Then, there are over 8,000 sanctions ruining the West more than they seem to be hurting Russia. Sanctions are not new to Russia. After its annexation of Crimea in 2014, Russia under Vladimir Putin made a concerted effort to make its economy self-reliant and independent of the West. The war in Ukraine too was hardly a sudden event. It has been building up for years, and was given the go-ahead only after Putin was convinced that his country could weather the onslaught of an economic war that would subsequently be waged against Russia.
Take this for instance: The International Monetary Fund’s ‘World Economic Outlook’ report recently found that Russia’s economy is holding up better than expected despite being hit by a mountain of sanctions. Resultantly, it cut down the predicted growth rates for almost every country, but upgraded Russia’s economic forecast. In April, the IMF had predicted an 8.5% contraction of the Russian economy. Now, that figure has seen an improvement of an impressive 2.5%, leading to the revised rate of contraction in Russia standing at 6%. In months to come, the figure might just improve even more if global energy prices fail to come down – filling Russian coffers despite a supposed loss of Western markets for Russian oil.
The West’s Race Towards Recession
In the West, it’s truly a race for who enters recession first. At the moment, the United States seems to be pacing ahead, but Europe is not very far behind. The world’s largest economy is now ‘technically’ in a recession, even though Joe Biden and his administration are reluctant to admit the same. In 2022 alone, the United States’ economy has witnessed two consecutive quarters of contraction. In the first quarter, the U.S. economy contracted by 1.6% in terms of GDP. In numbers released on Thursday, the United States’ economy contracted by another 0.9% between April and June.
|Bloomberg Global Economic Recession Survey 2022
Europe, meanwhile, is reeling under intense stress caused due to Russia’s erratic natural gas supplies for the past few months. First, gas supplies to Europe via the Nord Stream 1 were reduced to 40 per cent of the pipeline’s total capacity. Then, Moscow went on to pause supplies completely for close to ten days in July, before restoring them. Europe breathed a sigh of relief. Their joy was short lived, as Moscow has again cut down supply via the pipeline to 20 per cent of its total capacity.
Now, Germany is facing an energy crisis, while countries all across the eurozone are scrambling to fill their natural gas reserves. Without such reserves, Europe will unwind like an uncontrollable spiral in the winter months. In any case, the coming months are going to take a heavy toll on Europe’s economy. Eurozone inflation has now soared to a record 8.9 per cent, while economic growth in the second quarter has been recorded at 0.7 per cent. How long before Europe too slips into negative growth?
So, inflation is soaring, the purchasing power of consumers is nosediving and industries are on the brink of seeing their output take big hits as an energy crisis threatens the bloc’s economic stability. In case the energy crunch becomes too severe to bear, European countries will cut supplies to industries first. The economy, as a result, will be the first one to suffer.
According to Bloomberg surveys, Europe faces a recession threat as high as 55% over the next year. The same survey has predicted a near 40 per cent chance of the United States slipping into recession over the next year. China, Taiwan and Australia have a 20 per cent chance of slipping into recession, while New Zealand is threatened by a 33 per cent risk of economic doom.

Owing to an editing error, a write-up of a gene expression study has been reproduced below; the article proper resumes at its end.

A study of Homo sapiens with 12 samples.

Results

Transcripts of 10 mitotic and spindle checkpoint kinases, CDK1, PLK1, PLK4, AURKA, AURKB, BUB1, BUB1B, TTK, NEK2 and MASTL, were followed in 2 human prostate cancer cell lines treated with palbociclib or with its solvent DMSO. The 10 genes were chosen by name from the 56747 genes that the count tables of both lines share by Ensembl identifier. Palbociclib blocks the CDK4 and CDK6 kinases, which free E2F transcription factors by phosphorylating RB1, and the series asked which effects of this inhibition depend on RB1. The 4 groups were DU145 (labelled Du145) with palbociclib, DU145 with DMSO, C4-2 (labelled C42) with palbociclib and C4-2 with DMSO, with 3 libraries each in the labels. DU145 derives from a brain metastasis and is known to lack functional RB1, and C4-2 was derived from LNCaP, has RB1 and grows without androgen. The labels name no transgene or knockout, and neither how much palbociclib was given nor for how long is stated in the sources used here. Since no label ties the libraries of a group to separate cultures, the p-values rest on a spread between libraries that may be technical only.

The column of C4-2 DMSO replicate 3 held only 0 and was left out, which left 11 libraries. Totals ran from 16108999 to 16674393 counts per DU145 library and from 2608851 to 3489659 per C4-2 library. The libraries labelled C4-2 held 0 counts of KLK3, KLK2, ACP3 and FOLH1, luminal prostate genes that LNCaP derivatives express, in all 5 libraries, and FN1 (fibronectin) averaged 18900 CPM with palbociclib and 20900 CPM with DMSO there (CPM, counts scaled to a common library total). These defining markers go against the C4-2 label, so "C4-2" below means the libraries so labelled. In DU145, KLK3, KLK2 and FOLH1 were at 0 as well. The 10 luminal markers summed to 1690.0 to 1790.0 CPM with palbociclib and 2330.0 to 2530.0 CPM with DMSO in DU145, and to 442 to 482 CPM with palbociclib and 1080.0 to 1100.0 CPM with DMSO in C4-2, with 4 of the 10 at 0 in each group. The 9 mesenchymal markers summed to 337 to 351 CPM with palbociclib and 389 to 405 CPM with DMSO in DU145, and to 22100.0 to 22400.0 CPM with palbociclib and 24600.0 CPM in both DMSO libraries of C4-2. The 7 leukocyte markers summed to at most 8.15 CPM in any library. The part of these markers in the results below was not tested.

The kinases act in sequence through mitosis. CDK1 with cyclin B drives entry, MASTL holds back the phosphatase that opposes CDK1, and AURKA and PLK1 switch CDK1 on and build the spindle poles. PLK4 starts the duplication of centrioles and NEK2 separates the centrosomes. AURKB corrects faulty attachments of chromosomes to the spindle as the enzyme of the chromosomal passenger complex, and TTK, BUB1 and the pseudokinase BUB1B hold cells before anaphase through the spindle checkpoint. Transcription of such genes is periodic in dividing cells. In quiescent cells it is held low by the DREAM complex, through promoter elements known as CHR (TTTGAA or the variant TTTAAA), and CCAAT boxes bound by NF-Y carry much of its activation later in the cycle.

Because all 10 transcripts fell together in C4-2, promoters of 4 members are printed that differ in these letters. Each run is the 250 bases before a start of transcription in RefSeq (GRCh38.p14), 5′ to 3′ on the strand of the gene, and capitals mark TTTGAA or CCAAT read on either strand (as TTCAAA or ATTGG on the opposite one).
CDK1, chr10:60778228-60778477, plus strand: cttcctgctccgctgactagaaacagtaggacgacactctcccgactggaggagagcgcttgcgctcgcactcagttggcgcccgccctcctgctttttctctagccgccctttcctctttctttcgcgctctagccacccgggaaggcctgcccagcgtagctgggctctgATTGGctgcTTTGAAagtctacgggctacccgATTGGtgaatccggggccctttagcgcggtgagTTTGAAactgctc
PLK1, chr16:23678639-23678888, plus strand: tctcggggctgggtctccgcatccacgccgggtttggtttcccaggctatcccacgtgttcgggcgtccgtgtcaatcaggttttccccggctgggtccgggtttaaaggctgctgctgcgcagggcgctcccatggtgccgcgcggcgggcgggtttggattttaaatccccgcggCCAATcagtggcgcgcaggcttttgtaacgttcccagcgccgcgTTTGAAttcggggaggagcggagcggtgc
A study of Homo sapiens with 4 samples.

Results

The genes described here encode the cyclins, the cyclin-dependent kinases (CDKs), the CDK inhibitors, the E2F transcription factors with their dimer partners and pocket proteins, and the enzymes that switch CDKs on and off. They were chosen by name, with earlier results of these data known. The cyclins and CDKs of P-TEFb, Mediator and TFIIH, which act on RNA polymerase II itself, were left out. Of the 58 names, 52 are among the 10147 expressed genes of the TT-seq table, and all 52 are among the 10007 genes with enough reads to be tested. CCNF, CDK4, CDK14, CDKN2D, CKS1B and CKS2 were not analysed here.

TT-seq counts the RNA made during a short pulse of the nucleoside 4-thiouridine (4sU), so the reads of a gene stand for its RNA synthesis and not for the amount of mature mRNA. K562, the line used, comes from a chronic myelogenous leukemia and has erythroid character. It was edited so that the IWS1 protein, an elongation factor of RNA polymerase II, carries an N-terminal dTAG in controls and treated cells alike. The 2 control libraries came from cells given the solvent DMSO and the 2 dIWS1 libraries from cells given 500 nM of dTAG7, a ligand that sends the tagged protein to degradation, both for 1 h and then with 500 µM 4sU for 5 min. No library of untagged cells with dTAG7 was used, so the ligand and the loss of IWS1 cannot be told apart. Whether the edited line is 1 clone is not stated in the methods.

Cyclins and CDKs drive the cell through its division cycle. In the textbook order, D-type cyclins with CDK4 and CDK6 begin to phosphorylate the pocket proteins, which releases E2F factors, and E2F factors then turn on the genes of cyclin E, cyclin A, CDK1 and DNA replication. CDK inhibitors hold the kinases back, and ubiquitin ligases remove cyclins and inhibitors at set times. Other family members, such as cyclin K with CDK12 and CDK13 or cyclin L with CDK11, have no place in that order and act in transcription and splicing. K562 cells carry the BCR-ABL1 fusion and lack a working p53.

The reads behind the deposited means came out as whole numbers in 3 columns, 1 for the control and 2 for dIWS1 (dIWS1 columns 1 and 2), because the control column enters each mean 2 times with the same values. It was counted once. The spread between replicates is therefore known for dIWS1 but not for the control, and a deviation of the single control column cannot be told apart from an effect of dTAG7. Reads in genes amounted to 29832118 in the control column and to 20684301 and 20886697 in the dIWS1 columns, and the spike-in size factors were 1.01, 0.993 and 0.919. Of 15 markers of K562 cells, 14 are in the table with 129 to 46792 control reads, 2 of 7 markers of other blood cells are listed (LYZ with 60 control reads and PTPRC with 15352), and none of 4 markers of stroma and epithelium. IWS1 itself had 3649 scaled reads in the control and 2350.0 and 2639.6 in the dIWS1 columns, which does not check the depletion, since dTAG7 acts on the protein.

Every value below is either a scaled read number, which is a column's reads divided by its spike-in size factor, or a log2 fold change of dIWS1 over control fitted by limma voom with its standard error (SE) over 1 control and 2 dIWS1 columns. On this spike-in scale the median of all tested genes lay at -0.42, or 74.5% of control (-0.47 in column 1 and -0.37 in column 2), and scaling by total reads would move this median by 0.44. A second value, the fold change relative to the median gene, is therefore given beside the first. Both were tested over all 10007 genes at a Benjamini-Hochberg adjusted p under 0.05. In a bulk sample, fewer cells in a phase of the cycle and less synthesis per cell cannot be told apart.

India’s Economy Stands Strong In Tough Times
The same Bloomberg survey has made a really positive observation regarding the economic climate in India. There is a zero per cent chance of India slipping into a recession any time soon. Researchers involved in the Bloomberg survey have noted that despite the rupee breaching the 80-per-dollar mark against the U.S. dollar, India’s chances of recession are quite low.
|Prime Minister Shri Narendra Modi during Independence Day 2019 speech from Red Fort
Sure, the IMF has lowered India’s economic growth forecast for the current fiscal to 7.4 per cent from the 8.2 per cent estimated in April. However, India will remain one of the fastest growing key economies globally in 2022-23 as well as 2023-24.
A lot has been said about India’s dream to have a $5 trillion economy. Prime Minister Narendra Modi has himself been a vocal advocate for this goal to be fulfilled with the help of every Indian, while continuing to strive for an ‘Aatmanirbhar Bharat’. According to the IMF, the size of the Indian economy is expected to grow to $4.7 trillion in 2024. That was the year Prime Minister Modi had marked for India to achieve a $5 trillion economy. Evidently, India is fast reaching the finish line of one of its most important goals in recent history. By 2026, meanwhile, the size of the Indian economy is expected to go up to $5.1 trillion.
There is a marked and a rather remarkable difference between what the West is going through, and what India is experiencing. Economies around the world are contracting. The names are big – USA, European Union and maybe even China. India, on the other hand, is steadily moving towards its goal of a $5 trillion economy. On one hand is a gloomy story of downfall and doom, and on the other, of hope, optimism and endless possibilities. The West now represents degradation – moral, political, social and most importantly, economic. India represents freshness, strength and moral uprightness all brought together to deliver positive economic results.
The balance of power is shifting. The world is changing. A new order is coming about, and the West is hardly going to be in a position of strength on the other side of it all.